Diamonds may well be forever, but franchises usually aren’t. However successful you are, however great the rewards, there will come a time when you want to move on. But how do you do that?
Whether you’re retiring, moving or simply fancy a change, selling your franchise isn’t as easy as sticking a card in a newsagent’s window or listing it on eBay.
Firstly, you can only sell it if the franchisor gives your buyer the green light. And just as they were very picky when they decided to entrust their brand to you, rightly, they’ll be every bit as choosy about whoever you hope to sell it to.
Money’s important, but it isn’t everything in franchising.
Franchisors regularly turn away people who may be awash with cash but don’t have the qualities they seek in a franchisee, so they won’t let you sell your franchise to any old Tom, Dick or Harriet. That limits your market, of course, but the franchisor’s caution is what helped make the brand successful in the first place.
The franchisors will be a party to the sale, with a vested interest, so it will typically be a three-way affair involving you, them, and the prospective purchaser.
Secondly, how much is your franchise worth? Is it worth what you say it is, just because you say so, or is it worth what the prospective purchaser says it is, just because they’d prefer to pay you less?
You don’t want to get a penny less than it’s worth and they don’t want to pay a penny more than it’s worth, either, so how do you reach a fair and realistic figure?
Perhaps think of it like selling another asset, your house. How would you value your house? Most likely, you’d seek a valuation from a professional, trusted estate agent, a market expert.
How therefore, should you value your business? The answer is to consult an expert – ideally someone with vast experience of valuing franchises, not a bank manager or accountant with rather more enthusiasm than expertise.
Thirdly, how are you going to market it? Think back to how you were attracted to the franchise in the first place, and all the apprehensions you had. Your prospective buyer may well be feeling the same, so you will have to allay his or her fears, prove how well the business has been doing, and give a convincing reason for wanting to sell up.
There may be awkward questions, and the likelihood of a sale will depend on how honestly and transparently you answer them. If your buyers want to grow the business and you assure them it really does have great potential for growth, don’t be surprised if the buyers ask why you didn’t explore that potential yourself.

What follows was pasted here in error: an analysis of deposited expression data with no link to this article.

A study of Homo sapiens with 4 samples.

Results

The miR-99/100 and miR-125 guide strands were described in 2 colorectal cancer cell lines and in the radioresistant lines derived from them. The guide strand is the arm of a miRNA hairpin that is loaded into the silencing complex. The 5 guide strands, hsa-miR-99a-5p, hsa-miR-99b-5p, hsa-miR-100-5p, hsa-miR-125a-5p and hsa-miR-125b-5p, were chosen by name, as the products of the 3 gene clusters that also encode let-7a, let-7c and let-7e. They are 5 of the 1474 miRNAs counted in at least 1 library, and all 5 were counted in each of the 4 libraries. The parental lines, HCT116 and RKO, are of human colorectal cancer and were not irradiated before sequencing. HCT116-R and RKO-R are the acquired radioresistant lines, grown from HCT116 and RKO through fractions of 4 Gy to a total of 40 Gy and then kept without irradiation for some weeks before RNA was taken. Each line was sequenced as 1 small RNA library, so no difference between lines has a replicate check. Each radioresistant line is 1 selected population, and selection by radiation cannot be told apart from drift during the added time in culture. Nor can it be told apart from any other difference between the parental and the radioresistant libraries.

Whatever their actual date of birth, they weren’t born yesterday, so the more authentic, realistic and up-front you are about the business and your experience of it – ups and downs included – the more likely they are to want it for themselves.
They’ll probably want a brochure, too – not a general one about the brand, but about your territory, your business baby, the one they’ll be investing their time and money and effort into growing for years to come. You may be brilliant at that – some people are – but don’t just go to a printer and ask them to come up with something.
The words you use need to be enticing and convincing, and the images attractive, taken by a real photographer rather than someone well-meaning with a smartphone. Have you sold lots of franchises before? Do you know the ropes? Did you get the best price every time, or did you rue the day you did the deal?
If you don’t have that experience, then you might wish to draw on the expertise of people who do – in which case, we at Chantry Group might well be able to help you.
We know the franchise world inside-out, most of us are Qualified Franchise Professionals, and our in-house team includes Chris Roberts, a legend in his own career who knows more about the professional valuation of franchises than almost anyone else alive.
We spend all our time helping franchisors attract franchisees, and we support both with their marketing, so we’re in the perfect position to know what each party in a potential sale wants and needs to know.
Our experts will make your brochure sing while at the same time playing Devil’s advocate so you can work out your answers to any awkward questions before anybody asks them. And we can hold your hand, metaphorically, all the way through the process if you want us to. If you’d like to know more about how we can help you, get in touch here.